A federal judge has ruled that Home Depot's attempt to obtain all social-networking posts by a former manager of its Burbank store was overly broad.
U.S. Magistrate Judge Suzanne Segal rejected the company's motion earlier this month, but did rule that Home Depot had the right to some social-networking communications as long as they're between former manager Danielle Mailhoit, who is suing the retailer for discrimination, and any current or former company employees, as long as they are related to her employment or the lawsuit.
She claims she was dismissed due to gender discrimination and because she suffered from vertigo. She claims in her lawsuit that vertigo is physically debilitating, and that the company did not make appropriate accommodations for her condition.
Home Depot has denied Mailhoit's allegations, arguing in court that there were legitimate reasons for letting her go.
Home Depot had requested all photos Mailhoit had posted or in which she was tagged, as well as any profiles or messages, on Internet social-networking sites from October 2005 — the approximate date Mailhoit claims she was first discriminated against — through the present.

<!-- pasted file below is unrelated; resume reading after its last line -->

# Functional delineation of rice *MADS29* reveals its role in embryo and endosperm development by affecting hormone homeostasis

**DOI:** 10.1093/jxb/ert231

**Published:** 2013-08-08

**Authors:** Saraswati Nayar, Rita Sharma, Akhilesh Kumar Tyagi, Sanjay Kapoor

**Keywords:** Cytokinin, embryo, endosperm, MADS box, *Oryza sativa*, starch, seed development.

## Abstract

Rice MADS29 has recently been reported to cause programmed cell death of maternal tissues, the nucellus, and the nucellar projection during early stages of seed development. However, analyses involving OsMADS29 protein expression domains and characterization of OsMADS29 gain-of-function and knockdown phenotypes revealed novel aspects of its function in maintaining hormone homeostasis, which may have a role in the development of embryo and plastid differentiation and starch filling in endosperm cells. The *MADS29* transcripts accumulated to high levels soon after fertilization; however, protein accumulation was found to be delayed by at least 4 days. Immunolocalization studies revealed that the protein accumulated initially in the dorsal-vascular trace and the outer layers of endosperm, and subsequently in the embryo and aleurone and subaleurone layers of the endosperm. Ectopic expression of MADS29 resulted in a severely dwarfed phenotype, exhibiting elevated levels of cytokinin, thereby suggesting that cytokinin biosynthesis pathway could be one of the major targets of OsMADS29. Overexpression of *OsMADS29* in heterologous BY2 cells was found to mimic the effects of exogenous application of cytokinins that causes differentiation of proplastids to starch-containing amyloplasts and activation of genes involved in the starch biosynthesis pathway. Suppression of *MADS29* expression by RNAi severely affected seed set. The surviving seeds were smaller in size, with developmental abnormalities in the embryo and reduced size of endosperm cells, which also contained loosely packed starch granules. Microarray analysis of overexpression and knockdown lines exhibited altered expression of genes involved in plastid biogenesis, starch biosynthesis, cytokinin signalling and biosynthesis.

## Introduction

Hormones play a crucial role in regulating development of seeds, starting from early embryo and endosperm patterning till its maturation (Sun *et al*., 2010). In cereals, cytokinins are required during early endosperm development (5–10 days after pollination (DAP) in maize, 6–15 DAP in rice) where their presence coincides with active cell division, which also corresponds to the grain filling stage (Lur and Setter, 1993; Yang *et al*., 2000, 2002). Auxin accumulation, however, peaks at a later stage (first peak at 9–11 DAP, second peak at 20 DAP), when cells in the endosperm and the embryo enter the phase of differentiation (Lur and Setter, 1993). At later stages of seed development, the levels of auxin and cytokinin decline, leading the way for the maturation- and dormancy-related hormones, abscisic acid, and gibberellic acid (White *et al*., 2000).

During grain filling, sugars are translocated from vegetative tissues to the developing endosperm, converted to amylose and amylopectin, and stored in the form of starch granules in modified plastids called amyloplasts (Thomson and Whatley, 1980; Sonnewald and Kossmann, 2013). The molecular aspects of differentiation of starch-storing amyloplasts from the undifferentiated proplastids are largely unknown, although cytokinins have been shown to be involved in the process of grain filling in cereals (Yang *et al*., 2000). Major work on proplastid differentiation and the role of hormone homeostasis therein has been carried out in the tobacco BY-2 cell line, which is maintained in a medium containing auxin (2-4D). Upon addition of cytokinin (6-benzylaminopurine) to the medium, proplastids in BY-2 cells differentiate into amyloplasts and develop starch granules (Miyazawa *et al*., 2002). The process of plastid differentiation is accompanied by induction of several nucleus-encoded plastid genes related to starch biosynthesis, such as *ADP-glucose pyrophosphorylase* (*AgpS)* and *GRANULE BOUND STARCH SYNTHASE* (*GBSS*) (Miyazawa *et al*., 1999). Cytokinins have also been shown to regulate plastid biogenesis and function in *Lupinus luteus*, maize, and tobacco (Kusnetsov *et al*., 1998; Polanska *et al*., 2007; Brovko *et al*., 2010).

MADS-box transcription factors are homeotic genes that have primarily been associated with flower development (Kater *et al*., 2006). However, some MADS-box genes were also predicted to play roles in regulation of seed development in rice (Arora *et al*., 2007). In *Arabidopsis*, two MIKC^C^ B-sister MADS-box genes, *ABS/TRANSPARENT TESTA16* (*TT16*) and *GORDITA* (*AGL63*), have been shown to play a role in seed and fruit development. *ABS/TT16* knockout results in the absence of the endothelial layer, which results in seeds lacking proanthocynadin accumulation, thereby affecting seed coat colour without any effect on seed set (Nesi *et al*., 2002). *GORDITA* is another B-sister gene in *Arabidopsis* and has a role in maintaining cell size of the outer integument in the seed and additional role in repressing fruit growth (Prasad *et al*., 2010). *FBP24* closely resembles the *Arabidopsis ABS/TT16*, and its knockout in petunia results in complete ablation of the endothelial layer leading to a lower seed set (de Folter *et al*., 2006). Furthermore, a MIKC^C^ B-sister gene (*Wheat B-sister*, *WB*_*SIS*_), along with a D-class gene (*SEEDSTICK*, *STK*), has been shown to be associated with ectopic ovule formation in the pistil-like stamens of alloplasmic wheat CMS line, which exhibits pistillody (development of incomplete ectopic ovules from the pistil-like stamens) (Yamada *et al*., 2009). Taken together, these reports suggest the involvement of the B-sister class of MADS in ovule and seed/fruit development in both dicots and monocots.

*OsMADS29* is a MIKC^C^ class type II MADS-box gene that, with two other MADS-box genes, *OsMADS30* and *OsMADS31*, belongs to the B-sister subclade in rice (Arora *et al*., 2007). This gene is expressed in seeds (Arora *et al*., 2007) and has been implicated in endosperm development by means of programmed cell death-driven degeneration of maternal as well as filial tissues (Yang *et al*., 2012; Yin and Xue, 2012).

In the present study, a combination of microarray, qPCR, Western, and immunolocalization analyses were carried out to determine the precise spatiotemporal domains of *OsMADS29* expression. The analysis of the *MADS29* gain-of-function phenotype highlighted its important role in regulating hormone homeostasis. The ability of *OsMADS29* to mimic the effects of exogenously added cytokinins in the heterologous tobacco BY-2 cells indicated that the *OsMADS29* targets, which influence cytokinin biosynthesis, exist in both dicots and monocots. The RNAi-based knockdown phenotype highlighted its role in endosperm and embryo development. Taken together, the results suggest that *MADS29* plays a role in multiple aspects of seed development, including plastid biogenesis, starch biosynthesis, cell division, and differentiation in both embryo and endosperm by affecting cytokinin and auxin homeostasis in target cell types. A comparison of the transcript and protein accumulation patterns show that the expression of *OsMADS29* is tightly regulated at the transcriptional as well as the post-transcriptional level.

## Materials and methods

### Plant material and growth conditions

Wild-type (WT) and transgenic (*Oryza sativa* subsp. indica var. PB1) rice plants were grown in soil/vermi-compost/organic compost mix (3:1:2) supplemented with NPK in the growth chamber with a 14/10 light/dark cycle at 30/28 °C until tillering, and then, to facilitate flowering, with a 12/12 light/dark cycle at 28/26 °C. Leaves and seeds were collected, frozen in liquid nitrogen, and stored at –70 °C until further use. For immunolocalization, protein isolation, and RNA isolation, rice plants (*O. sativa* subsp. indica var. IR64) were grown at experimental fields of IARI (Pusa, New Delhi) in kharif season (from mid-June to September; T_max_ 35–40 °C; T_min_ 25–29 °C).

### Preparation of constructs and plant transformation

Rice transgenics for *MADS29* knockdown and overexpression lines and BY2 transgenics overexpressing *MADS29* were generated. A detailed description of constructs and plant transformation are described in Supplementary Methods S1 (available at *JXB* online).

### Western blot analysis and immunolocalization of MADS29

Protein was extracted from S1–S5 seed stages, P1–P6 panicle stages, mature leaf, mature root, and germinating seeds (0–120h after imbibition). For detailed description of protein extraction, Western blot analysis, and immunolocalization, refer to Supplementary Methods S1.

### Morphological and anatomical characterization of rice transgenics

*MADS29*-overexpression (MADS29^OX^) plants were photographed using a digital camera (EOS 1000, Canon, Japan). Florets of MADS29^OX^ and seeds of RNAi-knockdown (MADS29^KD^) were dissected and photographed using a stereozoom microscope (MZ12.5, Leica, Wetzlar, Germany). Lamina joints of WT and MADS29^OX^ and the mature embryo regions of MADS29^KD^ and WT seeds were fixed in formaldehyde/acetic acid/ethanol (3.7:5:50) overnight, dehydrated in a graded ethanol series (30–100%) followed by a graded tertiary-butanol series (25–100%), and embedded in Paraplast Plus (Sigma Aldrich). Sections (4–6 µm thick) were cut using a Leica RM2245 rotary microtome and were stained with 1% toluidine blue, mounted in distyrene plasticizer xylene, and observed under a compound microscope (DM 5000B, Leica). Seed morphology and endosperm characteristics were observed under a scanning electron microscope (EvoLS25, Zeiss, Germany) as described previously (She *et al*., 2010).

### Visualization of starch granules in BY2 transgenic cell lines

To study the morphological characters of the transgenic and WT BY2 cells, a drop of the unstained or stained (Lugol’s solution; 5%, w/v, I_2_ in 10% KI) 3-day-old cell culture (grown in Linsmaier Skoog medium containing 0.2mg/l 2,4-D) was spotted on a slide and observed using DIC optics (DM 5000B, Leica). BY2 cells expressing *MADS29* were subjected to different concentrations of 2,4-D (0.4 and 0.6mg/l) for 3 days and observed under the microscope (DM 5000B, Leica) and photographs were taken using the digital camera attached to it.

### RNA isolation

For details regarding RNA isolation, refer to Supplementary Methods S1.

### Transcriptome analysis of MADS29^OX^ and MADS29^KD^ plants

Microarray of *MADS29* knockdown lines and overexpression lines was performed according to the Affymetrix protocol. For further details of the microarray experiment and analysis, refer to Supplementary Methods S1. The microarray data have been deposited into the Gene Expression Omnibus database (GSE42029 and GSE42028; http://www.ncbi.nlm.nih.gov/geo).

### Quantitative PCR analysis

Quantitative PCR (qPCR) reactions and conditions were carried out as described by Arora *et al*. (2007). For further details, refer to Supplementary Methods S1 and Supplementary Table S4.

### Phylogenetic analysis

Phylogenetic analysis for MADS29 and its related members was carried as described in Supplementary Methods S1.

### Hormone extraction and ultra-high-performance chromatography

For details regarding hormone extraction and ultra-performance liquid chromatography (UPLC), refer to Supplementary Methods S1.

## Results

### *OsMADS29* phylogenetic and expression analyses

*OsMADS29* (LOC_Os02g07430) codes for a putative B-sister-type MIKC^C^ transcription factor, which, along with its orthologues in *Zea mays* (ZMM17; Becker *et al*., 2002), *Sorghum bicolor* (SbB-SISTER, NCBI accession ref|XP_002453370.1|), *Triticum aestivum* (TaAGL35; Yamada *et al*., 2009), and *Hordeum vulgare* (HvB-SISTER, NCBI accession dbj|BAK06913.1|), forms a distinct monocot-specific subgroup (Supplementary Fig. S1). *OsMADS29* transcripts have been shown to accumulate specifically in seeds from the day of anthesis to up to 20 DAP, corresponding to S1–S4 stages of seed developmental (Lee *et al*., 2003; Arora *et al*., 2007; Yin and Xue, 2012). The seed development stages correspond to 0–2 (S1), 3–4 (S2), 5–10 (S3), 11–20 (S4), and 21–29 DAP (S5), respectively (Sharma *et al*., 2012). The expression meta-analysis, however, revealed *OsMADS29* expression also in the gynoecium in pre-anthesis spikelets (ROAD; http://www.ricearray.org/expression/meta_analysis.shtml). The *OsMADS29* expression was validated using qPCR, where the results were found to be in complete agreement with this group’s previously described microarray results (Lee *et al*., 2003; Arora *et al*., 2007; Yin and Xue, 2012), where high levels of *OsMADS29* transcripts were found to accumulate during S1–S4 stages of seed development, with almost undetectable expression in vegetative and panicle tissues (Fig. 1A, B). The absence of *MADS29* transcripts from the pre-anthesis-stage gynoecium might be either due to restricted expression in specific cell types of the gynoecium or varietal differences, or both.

In her ruling, Segal cited a federal rule that requires requests for documents be described with “reasonable particularity.”
She also said that while social-networking sites contain information that is available for public view, federal rules do now allow requesting parties “a generalized right to rummage at will through information.”
Stephen Holmes, a Home Depot spokesman, said the ruling was only one part of the trial.
“This was a minor element of the general discovery process,” Holmes said in a statement. “While we believe this was a legitimate request that could have served up relevant facts to counter the plaintiff's claims, we respect the judge's ruling.”